To avoid buying new traffic signs, the Powell public service department will test putting decals on existing signs to meet new reflectivity standards established by the Federal Highway Administration in 2008.

To avoid buying new traffic signs, the Powell public service department will test putting decals on existing signs to meet new reflectivity standards established by the Federal Highway Administration in 2008.

By 2015, all traffic signs must meet the new standards and by 2018 street-naming signs must meet them as well, Powell director of public service Jeff Snyder said at a city operations committee meeting Aug. 17.

Snyder said replacing the decals rather than the entire sign could save the city half the cost of meeting the new standards.

The decal costs would vary on the type of sign, Snyder said, noting that a new 30-inch stop sign costs about $60 and the decal is $24. The individual decal price would be decreased by buying in quantity, he said.

Snyder recommended testing the decals on a few signs. He said city crews don't have experience with replacing the decals. Manufacturers said "the tricky part is putting them on right" and once a corner of the decal is placed, it won't come back up. He also said he wasn't sure of the decals' durability.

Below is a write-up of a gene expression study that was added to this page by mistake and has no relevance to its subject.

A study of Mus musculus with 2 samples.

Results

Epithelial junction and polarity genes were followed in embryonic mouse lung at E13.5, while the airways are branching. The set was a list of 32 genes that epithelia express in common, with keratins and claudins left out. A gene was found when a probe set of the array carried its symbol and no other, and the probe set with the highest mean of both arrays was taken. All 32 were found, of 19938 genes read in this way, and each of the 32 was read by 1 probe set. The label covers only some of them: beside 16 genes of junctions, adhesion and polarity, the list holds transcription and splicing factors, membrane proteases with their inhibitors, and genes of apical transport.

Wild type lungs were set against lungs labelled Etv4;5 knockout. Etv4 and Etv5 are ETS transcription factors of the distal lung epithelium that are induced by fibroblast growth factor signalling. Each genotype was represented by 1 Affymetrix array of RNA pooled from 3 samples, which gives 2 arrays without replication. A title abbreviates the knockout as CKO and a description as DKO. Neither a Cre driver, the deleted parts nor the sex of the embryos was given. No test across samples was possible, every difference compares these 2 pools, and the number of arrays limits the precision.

"Our guys are going to go through some of these so we don't have crooked yield and stop signs," Snyder said. "We thought we would test these out. I don't have any idea how long they're going to last in the field. If we put a dozen or half dozen of them through a winter, we'll see how they hold up."

All local governments must have a plan in place by 2012 to meet the new sign reflectivity requirements.

In other business, the committee discussed looking at the city's community survey results broken down by voting precincts and quadrants of the city, to see the priorities of each area.

The city hired Saperstein Associates Inc. to survey residents. The firm conducted the telephone survey of 400 randomly selected registered Powell voters in June. The same firm performed a similar survey in 2008.

"The last time we went through the survey, we had the information by precincts and by quadrants and spent time looking to see if there were any variations in responses, depending on what area of the community you lived in," committee and city council member Tom Counts said.

Counts said, for instance, respondents who live closer to the downtown area see traffic congestion as a bigger concern and those living in newer developments see the need for pedestrian and bicycle paths as a bigger concern.

Counts said the committee should look at what it can do to address the highest priorities of those surveyed: increasing the involvement of Powell's young people in community activities, organizing more community events and creating more public gathering spots for local residents.